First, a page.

Sometimes I read, but since that causes me to sleep, I tend to set my book on my lap, and I sit and watch the boards of the porch, the trees behind my house and the ground underneath them. I like to watch the boards of my porch change color very slowly. Sometimes the boards appear to be made of liquid, but that happens after I have been sitting too long. I sit in a cheap white plastic chair which is quite uncomfortable, but I can sit for hours. It was never lonely on my porch when I could read without putting myself to sleep, but now that I stare at the boards changing color and the pine needles that seem so thick, I get very lonely.
Beginning in the fall, I brought out some old bird feeders – One made of spruce wood that looks like a very cheap cabin, a modern Plexiglas one that is a clear tube with pegs that stick out at various spots, and another cabin-like one made of metal with a textured green paint on it. I had forgotten about the pleasure I receive from feeding the birds. Several years ago, I quit messing with the feeders when I suppose I got too lazy to keep refilling them. By the time I quit, I think I may have had millions of friends visiting me each day, and they required a great deal of grain.
This year, the pleasure came back, and I finally figured out how not to be alone on my porch. One day in late October when the days are getting short enough to send me into my annual deep despair that only begins to let up on Christmas Eve, I was visited by a wonderful Blue Jay. She had so much spunk, I had to give her a name – Tabitha. Tabitha became a reliable visitor over the period of several weeks, and I fell in love with her. I know it’s crazy; you can’t fall in love with a bird. Heck, I love all of my dogs with great fidelity, but I never “FELL IN LOVE” with one of them. You can come take me away if you think I am no longer suitable for society, but I became deeply attached to my Tabitha.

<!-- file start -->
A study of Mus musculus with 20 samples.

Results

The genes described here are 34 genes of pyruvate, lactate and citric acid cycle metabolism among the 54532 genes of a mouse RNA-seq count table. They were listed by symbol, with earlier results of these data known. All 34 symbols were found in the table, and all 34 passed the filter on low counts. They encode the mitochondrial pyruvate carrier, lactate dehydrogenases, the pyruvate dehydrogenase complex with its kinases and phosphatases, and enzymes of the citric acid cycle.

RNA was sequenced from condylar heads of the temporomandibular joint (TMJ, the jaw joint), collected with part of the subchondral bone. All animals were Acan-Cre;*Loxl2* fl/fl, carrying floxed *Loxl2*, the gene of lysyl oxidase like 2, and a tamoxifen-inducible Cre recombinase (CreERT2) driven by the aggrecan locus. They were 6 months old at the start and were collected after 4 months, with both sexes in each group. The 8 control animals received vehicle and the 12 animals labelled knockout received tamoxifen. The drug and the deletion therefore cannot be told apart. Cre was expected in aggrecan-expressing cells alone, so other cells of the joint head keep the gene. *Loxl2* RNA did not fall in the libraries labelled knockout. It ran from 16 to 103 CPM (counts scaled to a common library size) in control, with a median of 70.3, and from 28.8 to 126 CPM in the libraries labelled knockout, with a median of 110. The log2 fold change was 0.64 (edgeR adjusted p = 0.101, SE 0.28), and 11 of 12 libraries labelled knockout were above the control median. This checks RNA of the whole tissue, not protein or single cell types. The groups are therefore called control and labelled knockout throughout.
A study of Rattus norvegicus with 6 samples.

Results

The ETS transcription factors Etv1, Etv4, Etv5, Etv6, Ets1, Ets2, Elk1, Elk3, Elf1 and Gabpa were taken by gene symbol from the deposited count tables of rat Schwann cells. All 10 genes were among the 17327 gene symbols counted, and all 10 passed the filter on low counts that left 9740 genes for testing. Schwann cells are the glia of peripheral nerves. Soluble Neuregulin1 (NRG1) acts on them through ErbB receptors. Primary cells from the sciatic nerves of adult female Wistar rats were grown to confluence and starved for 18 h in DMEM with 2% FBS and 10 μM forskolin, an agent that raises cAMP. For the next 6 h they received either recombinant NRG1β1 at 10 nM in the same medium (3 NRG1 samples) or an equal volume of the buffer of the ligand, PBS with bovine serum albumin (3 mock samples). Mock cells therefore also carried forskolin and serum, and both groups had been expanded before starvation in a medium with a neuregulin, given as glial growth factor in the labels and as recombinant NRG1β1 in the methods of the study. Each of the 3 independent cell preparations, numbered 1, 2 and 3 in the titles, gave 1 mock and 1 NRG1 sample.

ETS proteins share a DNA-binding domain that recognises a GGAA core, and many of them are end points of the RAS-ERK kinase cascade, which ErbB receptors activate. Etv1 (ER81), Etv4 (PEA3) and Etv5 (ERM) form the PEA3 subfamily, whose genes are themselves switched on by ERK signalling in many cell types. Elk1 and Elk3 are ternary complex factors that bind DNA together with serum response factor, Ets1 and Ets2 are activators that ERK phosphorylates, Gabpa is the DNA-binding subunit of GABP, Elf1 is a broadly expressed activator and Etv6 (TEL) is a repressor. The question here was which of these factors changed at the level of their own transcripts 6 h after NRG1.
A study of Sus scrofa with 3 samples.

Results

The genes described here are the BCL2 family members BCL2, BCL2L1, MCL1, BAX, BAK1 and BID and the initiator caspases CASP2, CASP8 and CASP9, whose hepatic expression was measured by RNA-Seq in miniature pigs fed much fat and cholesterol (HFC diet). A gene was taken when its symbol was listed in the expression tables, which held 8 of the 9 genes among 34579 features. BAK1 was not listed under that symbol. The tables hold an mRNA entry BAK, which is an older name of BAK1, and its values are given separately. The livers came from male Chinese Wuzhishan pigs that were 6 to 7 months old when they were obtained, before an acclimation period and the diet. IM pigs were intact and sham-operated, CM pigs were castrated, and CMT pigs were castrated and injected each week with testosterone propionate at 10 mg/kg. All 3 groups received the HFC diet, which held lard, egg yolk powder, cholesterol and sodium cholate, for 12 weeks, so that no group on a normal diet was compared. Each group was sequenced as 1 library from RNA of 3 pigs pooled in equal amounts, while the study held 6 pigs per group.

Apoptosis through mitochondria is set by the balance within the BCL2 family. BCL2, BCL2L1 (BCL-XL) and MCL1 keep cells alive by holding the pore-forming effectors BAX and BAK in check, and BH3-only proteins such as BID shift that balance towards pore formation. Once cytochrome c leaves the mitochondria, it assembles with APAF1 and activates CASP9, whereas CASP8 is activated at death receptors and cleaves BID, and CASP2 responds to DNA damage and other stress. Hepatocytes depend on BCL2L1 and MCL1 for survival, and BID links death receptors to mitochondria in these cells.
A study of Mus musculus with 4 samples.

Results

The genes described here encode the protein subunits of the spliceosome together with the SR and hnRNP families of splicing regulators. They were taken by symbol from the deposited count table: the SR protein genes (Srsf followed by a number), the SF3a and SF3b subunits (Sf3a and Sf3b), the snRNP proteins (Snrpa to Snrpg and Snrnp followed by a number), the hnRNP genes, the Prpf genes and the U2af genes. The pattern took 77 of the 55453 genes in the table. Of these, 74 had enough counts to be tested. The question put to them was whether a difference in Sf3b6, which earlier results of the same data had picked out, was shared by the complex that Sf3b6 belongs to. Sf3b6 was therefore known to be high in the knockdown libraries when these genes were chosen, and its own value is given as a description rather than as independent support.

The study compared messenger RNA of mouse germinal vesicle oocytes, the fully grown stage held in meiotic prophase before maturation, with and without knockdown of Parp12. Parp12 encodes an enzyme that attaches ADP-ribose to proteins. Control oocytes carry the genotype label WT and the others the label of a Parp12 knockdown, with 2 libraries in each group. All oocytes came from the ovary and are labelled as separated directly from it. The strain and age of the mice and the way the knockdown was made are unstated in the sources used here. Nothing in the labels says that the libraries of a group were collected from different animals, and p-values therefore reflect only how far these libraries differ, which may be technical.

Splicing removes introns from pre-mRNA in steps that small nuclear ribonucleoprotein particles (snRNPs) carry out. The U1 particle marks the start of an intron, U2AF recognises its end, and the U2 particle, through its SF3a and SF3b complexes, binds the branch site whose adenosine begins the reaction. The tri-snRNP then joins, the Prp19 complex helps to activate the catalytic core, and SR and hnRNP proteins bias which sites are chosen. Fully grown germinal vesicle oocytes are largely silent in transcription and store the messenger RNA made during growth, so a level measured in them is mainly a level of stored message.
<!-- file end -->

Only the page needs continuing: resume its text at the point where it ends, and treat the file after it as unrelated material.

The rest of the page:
Tabitha knew about all of my needs and when she came by during the eight a.m. hour or when she came by as the sun was crawling sharply to the left and a little bit to the West and very low, she would give me all of the looks that told me about all of the things I was feeling. Tabitha was able to draw the best out of me, parts of me I never knew, and I confess that I think Tabitha began to love me. She would make her fake hawk sounds which most Blue Jays are capable of, but hers were sweet and loving. It was a struggle loving a lady who was of a different species, especially considering the size difference, but our minds danced in the most incredible daily journeys.
One day, my Landlady came by and told me to take down the bird feeders. I protested all that I could, but she was the owner, and she called the shots. She was always radically against nature and I often longed for a kinder Landlady. My Landlady did not like the white specks on her ugly porch with the liquid, spoiled, and fading wood planks. I never win arguments, so I backed down and went to a bed of pine needles and cried. I could see a future of absolutely terrorizing solitude. I was hopeless.
Tabitha came back on the next three consecutive days. I tried to explain it to her, but she just listened and stared and acted as though I were about to die.
She’s been gone for so many days now. I am alive, the wood of the porch has rotted more, and my white chair is worse than it ever was. I know that I will die soon and I wonder if Tabitha remembers me. I hope we might see each other again, but I know that is foolish hope. I hope her life is full of joy. I hope she found a better porch with a better man. I hope her new man has a better chair, and I hope her new man has a better Landlady.